A "SUPER malaria" is spreading throughout South East Asia and cannot be killed with the standard anti-malaria drugs, scientists have warned.
The dangerous form of the parasite has become resistant to drugs and is rapidly sweeping through the region.
It is said to have emerged in Cambodia but since spread through parts of Thailand, Laos and is now in southern Vietnam.
Professor Arjen Dondrop, head of the Oxford Tropical Medicine Research Unit in Bangkok, told the BBC: "We think it is a serious threat.
"It is alarming that this strain is spreading so quickly through the whole region and we fear it can spread further [and eventually] jump to Africa."
In a letter published by the researchers in The Lancet Infectious Diseases, they write on the "recent sinister development" and add there have been "alarming rates of failure" in treatment.
Prof Dondorp said the treatment was failing around a third of the time in Vietnam while in some regions of Cambodia the failure rate was closer to 60 per cent.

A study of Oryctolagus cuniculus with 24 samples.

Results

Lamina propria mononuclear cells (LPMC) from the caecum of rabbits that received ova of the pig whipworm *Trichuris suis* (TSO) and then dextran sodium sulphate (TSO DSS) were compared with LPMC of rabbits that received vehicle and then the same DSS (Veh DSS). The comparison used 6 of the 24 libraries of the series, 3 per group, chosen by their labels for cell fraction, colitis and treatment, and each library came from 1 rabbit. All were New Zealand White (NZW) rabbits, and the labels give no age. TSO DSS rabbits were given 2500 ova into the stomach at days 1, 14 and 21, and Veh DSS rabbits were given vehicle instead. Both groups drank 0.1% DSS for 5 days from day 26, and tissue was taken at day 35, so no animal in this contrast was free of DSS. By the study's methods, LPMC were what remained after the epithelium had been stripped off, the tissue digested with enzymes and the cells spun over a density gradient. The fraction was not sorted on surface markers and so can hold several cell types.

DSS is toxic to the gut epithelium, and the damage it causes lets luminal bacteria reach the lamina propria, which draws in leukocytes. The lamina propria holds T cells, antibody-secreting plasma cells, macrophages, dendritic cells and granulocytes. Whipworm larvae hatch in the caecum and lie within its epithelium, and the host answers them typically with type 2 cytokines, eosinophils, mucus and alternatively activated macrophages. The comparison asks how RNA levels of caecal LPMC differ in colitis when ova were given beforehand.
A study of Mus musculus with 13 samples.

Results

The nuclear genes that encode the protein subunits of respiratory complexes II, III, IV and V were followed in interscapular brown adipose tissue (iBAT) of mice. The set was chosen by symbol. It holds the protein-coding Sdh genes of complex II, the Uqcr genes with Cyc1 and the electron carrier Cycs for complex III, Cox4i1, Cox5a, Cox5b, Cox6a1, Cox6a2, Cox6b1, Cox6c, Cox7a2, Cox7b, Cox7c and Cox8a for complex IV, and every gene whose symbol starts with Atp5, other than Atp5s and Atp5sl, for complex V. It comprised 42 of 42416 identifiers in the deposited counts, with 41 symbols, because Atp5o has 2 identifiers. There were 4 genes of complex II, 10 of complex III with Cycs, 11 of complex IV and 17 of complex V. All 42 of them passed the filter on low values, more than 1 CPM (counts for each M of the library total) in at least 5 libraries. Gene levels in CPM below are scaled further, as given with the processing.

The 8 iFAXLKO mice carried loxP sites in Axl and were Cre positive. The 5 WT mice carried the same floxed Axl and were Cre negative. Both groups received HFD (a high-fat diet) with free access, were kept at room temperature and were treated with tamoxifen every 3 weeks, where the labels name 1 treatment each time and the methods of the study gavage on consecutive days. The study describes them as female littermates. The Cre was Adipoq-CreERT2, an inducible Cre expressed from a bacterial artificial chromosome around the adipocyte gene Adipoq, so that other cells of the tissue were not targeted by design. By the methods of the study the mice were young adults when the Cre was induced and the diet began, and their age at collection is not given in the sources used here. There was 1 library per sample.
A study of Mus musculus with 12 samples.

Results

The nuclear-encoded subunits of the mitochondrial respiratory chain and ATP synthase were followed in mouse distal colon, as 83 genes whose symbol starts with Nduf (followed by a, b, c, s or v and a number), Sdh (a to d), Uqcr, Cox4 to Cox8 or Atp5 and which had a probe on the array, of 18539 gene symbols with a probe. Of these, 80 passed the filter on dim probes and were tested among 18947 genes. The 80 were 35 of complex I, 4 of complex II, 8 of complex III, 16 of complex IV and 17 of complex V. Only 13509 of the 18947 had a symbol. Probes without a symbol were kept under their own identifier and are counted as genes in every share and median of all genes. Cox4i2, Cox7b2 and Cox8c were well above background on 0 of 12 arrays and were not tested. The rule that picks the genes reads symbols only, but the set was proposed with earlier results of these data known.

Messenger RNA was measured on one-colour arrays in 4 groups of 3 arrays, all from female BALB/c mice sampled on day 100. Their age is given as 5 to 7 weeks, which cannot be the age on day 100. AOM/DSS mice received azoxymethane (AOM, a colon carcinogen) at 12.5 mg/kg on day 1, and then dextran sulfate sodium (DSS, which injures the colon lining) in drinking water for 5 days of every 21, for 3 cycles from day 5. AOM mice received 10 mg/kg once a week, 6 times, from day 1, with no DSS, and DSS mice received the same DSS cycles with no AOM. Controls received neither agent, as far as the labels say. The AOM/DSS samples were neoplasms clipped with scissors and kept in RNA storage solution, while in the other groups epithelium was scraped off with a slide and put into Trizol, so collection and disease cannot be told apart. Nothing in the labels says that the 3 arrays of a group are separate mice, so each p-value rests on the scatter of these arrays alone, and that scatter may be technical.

If resistance to the drugs reached Africa it would have devastating consequences, as 92 per cent of all malaria cases are found there.
Prof Dondorp added: "It's a race against the clock – we have to eliminate it before malaria becomes untreatable again and we see a lot of deaths.
"If I'm honest, I'm quite worried."
Malaria is a massive issue for a huge section of the world’s population.
Though rare in Europe and North America, it is a huge problem for Africa, South and Central America and Southern Asia.
In these countries it is important to take extra care to avoid mosquitoes, or take anti-malarial medication to prevent infection.
Malaria is treated with drugs known as anti-malarials and vary depending on the type and severity of the disease.
If quickly diagnosed and properly treated people with malaria can usually expect to make a full recovery.
But the severe form of the disease can progress at a terrifying speed and can kill a person within hours or days.
Though if they can overcome the disease, most people beat it for good, but some can experience reoccurring symptoms through their life.
We pay for your stories! Do you have a story for The Sun Online news team? Email us at email@example.com or call 0207 782 4368. We pay for videos too. Click here to upload yours.